The test will allow prospective parents to learn of their risk of having a child with a recessive inherited disease before they conceive. Couples at risk may then opt for IVF with embryo screening to ensure that only embryos without the disease are implanted.
'Our goal is to eradicate all catastrophic recessive childhood diseases', said Dr Stephen Kingsmore, from Children's Mercy Hospital in Kansas City, who led the research.
Recessive diseases, such as cystic fibrosis and sickle-cell anaemia, occur when two copies of the disease gene are inherited together. A person with one copy will not develop the disease themselves, but when two people carrying a copy of the same mutation conceive, the chance of their offspring inheriting two copies and developing the disease is one in four.
Dr Kingsmore said: 'On average we found that each of us carries two or three mutations that could cause one of these severe childhood diseases. Of course, a person would have to be unlucky enough to be having a baby with someone who just happened to be carrying a mutation for the same rare disease'.
At present 448 recessive diseases are covered by the test, which involves sequencing over 7,000 regions of the genome to identify disease-causing mutations. This is significantly more than the scope of similar tests currently available and is set to increase to 580 in the coming months: 'At which point we'll have represented just about every childhood disease that's severe enough to merit inclusion', added Dr Kingsmore.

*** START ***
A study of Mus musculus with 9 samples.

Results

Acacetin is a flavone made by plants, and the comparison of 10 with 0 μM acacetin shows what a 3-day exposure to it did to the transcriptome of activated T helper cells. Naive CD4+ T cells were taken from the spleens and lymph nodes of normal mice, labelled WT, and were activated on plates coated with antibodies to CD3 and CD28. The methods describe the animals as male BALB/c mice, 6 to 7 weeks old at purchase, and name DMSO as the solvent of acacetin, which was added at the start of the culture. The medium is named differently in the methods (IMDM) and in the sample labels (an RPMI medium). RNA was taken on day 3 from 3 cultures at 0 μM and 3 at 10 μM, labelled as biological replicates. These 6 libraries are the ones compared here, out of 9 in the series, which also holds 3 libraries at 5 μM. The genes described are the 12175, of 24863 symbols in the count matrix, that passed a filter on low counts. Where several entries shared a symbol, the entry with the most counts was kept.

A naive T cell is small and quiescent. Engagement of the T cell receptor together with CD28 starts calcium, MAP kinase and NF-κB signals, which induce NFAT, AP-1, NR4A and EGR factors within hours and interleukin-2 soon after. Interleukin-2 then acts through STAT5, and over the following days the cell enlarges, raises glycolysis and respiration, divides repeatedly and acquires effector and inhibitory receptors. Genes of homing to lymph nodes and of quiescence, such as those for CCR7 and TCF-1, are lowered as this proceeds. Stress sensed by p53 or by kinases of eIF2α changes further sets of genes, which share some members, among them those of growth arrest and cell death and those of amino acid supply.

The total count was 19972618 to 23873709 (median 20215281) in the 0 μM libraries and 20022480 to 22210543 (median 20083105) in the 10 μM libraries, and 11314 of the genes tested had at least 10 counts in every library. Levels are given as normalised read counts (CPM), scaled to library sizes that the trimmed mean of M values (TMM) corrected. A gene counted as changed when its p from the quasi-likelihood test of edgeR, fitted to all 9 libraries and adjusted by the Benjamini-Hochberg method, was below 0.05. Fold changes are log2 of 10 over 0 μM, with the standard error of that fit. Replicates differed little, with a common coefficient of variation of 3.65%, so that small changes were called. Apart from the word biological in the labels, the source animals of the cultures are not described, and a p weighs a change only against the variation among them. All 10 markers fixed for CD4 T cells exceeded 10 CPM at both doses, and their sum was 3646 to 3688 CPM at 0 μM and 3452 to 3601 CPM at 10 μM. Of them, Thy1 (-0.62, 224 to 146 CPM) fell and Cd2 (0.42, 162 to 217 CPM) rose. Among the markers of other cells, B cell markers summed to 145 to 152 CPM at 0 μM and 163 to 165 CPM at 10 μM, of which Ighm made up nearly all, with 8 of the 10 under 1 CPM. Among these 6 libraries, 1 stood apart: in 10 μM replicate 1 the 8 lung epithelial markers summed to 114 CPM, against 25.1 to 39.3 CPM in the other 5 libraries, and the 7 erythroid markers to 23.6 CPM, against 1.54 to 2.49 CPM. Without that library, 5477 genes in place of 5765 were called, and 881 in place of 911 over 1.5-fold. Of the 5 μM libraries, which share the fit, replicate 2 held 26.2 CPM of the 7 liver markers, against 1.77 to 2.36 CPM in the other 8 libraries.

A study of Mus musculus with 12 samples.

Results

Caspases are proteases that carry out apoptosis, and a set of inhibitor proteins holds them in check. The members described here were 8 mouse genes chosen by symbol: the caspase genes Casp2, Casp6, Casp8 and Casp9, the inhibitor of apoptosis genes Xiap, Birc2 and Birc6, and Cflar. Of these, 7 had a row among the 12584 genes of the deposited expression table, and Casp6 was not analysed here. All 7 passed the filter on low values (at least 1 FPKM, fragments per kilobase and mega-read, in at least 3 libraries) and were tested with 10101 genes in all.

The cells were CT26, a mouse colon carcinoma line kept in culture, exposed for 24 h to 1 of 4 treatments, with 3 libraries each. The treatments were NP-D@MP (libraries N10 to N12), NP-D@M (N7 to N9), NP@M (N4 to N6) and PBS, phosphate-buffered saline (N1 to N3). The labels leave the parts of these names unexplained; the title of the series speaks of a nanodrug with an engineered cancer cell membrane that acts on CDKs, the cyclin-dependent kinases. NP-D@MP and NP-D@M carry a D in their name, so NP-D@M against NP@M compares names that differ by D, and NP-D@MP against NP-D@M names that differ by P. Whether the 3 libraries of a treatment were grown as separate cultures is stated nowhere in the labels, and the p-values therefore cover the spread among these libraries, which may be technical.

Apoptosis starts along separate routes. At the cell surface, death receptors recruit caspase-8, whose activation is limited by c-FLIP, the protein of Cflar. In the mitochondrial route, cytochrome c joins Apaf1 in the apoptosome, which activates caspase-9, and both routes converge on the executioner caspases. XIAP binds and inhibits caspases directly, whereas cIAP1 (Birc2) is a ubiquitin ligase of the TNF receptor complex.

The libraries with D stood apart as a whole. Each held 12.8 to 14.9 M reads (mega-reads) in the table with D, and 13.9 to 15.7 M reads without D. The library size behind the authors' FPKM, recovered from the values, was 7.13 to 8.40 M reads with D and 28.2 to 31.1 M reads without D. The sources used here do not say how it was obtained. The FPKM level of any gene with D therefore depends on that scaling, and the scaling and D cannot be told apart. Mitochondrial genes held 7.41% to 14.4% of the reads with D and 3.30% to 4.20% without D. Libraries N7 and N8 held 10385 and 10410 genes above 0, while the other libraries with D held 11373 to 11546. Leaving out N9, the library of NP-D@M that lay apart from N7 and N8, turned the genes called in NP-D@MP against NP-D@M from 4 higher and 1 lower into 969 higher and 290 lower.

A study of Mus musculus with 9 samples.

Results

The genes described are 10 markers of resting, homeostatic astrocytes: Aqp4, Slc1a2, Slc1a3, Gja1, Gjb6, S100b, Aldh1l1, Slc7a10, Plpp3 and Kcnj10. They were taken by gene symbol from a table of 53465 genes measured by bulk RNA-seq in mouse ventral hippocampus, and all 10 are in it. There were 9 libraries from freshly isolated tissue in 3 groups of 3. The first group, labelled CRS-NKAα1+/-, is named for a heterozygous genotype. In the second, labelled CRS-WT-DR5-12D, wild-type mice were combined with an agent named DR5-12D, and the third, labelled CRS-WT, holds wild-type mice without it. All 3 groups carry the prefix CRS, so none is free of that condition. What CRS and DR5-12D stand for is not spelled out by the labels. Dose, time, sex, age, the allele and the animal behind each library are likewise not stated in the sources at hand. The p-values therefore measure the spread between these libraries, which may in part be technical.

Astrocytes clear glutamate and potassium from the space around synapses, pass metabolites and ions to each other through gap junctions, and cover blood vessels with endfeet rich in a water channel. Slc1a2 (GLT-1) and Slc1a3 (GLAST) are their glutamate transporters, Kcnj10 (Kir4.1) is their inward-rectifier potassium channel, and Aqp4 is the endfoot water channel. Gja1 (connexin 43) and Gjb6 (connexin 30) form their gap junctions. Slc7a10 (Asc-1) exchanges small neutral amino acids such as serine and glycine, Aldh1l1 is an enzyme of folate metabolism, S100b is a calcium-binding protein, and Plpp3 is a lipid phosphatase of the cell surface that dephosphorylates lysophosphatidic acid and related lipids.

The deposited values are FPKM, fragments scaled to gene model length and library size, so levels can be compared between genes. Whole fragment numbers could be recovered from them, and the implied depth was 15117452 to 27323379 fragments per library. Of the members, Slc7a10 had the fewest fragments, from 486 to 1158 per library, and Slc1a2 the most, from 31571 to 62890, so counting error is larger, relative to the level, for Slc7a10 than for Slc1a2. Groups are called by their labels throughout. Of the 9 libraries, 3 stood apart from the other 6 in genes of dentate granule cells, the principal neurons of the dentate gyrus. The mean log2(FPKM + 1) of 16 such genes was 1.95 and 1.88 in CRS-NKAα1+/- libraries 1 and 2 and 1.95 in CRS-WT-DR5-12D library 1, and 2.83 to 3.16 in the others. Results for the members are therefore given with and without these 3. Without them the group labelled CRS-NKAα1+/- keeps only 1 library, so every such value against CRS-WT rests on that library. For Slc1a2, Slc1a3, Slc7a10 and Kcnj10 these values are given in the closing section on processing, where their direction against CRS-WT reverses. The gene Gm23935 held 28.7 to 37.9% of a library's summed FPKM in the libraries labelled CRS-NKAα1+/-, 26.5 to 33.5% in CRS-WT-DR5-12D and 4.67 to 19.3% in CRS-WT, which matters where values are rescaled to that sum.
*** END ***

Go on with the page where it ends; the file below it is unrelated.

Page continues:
However, the development of such a test is not without controversy, with some claiming that recessive diseases are too rare to justify screening couples without a family history. The demand for embryo screening - a procedure opposed by many religious groups - is also likely to increase, and all couples who take the test will require genetic counselling, raising concerns over the cost-effectiveness.
'As most people will carry some mutations, everybody is going to need genetic counselling, yet for most couples the risk will be very low', said Dr Christine Patch, a consultant genetic counsellor at Guy's Hospital in London.
Dr Kingsbury and his team are now focusing on finding the best way to interpret the test results and hope to start trialing the test in clinics this summer, with one British centre set to take part.
However Alastair Kent, director of Genetic Alliance UK, urged caution, warning: 'It is one thing to show that a test like this is scientifically accurate, but another to show that it can work in a clinical context'.